Matters to a Degree

You're probably studying psychology because you desire to help people or systems by teaching, consulting, conducting research or providing direct services such as assessment, evaluation or psychotherapy. Other reasons might include a mentor's encouragement, your interest in the mind-body connection or because you wonder what motivates behavior.

Most graduate students would probably say that psychology is their passion for at least one of the above reasons. But, how comfortable are you admitting that you're dedicating several years to this graduate endeavor because you want to have a rewarding career, earn a decent-maybe even lucrative-living or perhaps gain public recognition as a respected scholar, researcher, practitioner or educator? Or are these the "wrong" reasons? Is it socially acceptable within the culture of psychology to pursue your degree for some of these economic and ego-gratifying reasons in addition to the less "selfish" reasons?

The goals of making money, achieving fame and benefiting personally from your work make some people uncomfortable. In fact, most only offer these as secondary reasons, sometimes even unintentional consequences, for simply doing what they love to do, and what they may do well. Why is this so? Philanthropic intentions are praised, while self-interest is shamed. These traditional beliefs and appraisals may trap us, and we may not be able to move forward-and do what we are trained to do-if we do not rethink our positions and practices.


It's important to start thinking now about how your economic and personal needs fit into your career pursuits. Otherwise, you may not have the competitive edge necessary to survive and thrive in the current marketplace. Your outrageous loan payments will become due, you may want to buy a house, pay your electric bill or even take a vacation. But you will be unable to meet these obligations or re-enter your life in the real world, outside of graduate school, because you favored the altruistic aspects of your professional development over the practical elements. Quite seriously, if you don't begin thinking about yourself as a businessperson who must market your product, you may be headed for some tough times. This conceptual shift isn't always easy, but it's necessary.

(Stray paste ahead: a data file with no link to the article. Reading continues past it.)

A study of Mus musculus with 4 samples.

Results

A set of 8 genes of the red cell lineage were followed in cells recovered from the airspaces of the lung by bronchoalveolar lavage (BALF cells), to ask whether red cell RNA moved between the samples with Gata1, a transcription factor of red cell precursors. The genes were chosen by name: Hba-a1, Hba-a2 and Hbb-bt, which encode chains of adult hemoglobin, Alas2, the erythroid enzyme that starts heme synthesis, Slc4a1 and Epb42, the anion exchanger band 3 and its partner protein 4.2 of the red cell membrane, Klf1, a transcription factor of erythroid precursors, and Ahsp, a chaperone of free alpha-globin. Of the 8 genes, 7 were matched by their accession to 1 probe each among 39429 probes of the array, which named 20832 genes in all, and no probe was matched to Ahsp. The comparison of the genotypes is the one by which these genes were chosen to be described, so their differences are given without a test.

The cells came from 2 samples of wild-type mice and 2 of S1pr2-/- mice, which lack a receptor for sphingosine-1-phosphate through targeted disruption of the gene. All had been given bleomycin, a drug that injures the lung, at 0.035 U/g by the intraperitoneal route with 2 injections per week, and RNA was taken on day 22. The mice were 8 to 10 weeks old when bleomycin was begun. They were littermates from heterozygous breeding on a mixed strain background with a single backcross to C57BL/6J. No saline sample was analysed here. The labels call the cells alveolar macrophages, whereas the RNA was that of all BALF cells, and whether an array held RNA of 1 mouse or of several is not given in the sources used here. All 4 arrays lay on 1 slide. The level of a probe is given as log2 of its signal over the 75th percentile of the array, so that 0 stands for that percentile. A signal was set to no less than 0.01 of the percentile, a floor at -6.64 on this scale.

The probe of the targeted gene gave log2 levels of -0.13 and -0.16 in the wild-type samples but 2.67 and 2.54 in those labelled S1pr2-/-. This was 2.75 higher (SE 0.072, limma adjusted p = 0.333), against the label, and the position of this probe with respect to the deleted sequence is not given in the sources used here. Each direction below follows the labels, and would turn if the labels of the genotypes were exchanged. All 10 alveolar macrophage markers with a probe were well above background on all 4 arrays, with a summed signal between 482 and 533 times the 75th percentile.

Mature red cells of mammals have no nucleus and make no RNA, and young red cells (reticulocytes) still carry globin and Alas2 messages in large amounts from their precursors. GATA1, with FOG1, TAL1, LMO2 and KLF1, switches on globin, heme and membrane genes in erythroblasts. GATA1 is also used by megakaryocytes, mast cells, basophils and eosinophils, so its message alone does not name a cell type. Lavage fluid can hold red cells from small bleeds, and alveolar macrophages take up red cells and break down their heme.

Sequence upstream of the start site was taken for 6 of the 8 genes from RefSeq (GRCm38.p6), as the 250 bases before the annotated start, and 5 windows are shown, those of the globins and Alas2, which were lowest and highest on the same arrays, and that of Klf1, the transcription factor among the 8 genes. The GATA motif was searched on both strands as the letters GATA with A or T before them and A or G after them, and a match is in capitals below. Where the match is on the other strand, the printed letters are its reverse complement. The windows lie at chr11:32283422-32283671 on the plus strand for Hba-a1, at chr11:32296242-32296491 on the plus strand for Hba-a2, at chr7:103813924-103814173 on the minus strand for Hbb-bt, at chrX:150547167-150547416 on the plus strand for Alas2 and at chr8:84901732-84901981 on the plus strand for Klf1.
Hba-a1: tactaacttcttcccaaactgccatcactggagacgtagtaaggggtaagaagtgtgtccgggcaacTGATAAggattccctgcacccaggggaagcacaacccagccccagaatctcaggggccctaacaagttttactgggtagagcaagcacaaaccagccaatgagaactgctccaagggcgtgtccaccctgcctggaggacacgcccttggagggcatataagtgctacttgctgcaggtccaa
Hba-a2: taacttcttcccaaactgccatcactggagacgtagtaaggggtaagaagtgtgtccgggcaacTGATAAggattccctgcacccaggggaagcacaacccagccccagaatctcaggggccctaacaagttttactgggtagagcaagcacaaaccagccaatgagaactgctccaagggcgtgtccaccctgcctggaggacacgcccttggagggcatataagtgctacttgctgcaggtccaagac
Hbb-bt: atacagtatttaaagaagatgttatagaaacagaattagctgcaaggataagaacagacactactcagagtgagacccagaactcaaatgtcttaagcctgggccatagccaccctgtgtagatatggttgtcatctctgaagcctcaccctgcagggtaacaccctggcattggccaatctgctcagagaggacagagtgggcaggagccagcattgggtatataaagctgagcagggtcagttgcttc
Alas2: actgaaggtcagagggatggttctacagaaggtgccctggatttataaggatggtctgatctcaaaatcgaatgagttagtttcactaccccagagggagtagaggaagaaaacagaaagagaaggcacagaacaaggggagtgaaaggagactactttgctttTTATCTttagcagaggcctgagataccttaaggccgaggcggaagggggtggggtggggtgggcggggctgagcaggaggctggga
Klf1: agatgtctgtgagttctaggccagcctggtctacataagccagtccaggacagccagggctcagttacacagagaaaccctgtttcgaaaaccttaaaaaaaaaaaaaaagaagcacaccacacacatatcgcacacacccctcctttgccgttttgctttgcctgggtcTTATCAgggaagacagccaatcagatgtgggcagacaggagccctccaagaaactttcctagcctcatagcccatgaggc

Those pursuing academic positions or jobs in medical settings, private practices or institutional careers, just to name a few, are all finding it increasingly difficult to secure the job of their dreams. This isn't just true for the field of psychology; it applies to many of the advanced-degree professions. The situation isn't hopeless, but it does call for a new approach to planning your career. It's indeed possible to create your ideal job, enjoy your work, help people, contribute meaningfully to the field, develop as a scholar and earn a reasonable income that will allow you to pay all your bills and still have money left over to spend on life!


I'm sensitive to the fact that talking openly about money and ways to earn it is awkward, and in some instances even a legally restricted topic for many people in our field, and for many valid reasons. For example, antitrust laws prohibit certain types of discussions about fees for service in order to avoid price-fixing among competitors and the restraint of our free-market society.

On the other hand, discussions that focus on ways to earn money, develop products and services that can be sold, and pursue new markets are all legitimate and important. You provide a product or service as a professional (with years of preparatory education) working as a faculty member, private practitioner, program evaluator, researcher, professor or organizational consultant. You are involved in business exchanges, you serve a consumer population and you have competitors. You are, in a word, a businessperson or entrepreneur. Overcoming the idea that business and marketing are for those trained in business administration is critical for success, as is getting past uncomfortable feelings associated with overt intentions to be paid fairly for what you do. Also critical for success is thinking creatively about adopting some entrepreneurial strategies. Characteristics like independence, self-confidence, innovation and action-orientation contribute to creativity. Entrepreneurship involves the creative pursuit of an opportunity. Your attraction to psychology may not be primarily based on the desire to make money, gain recognition, meet your individual needs or become an entrepreneur. Yet, to secure the job of your choice or your making, it's wise to consider how some of these goals can fit into your career preparations so you can begin to develop your creative potential.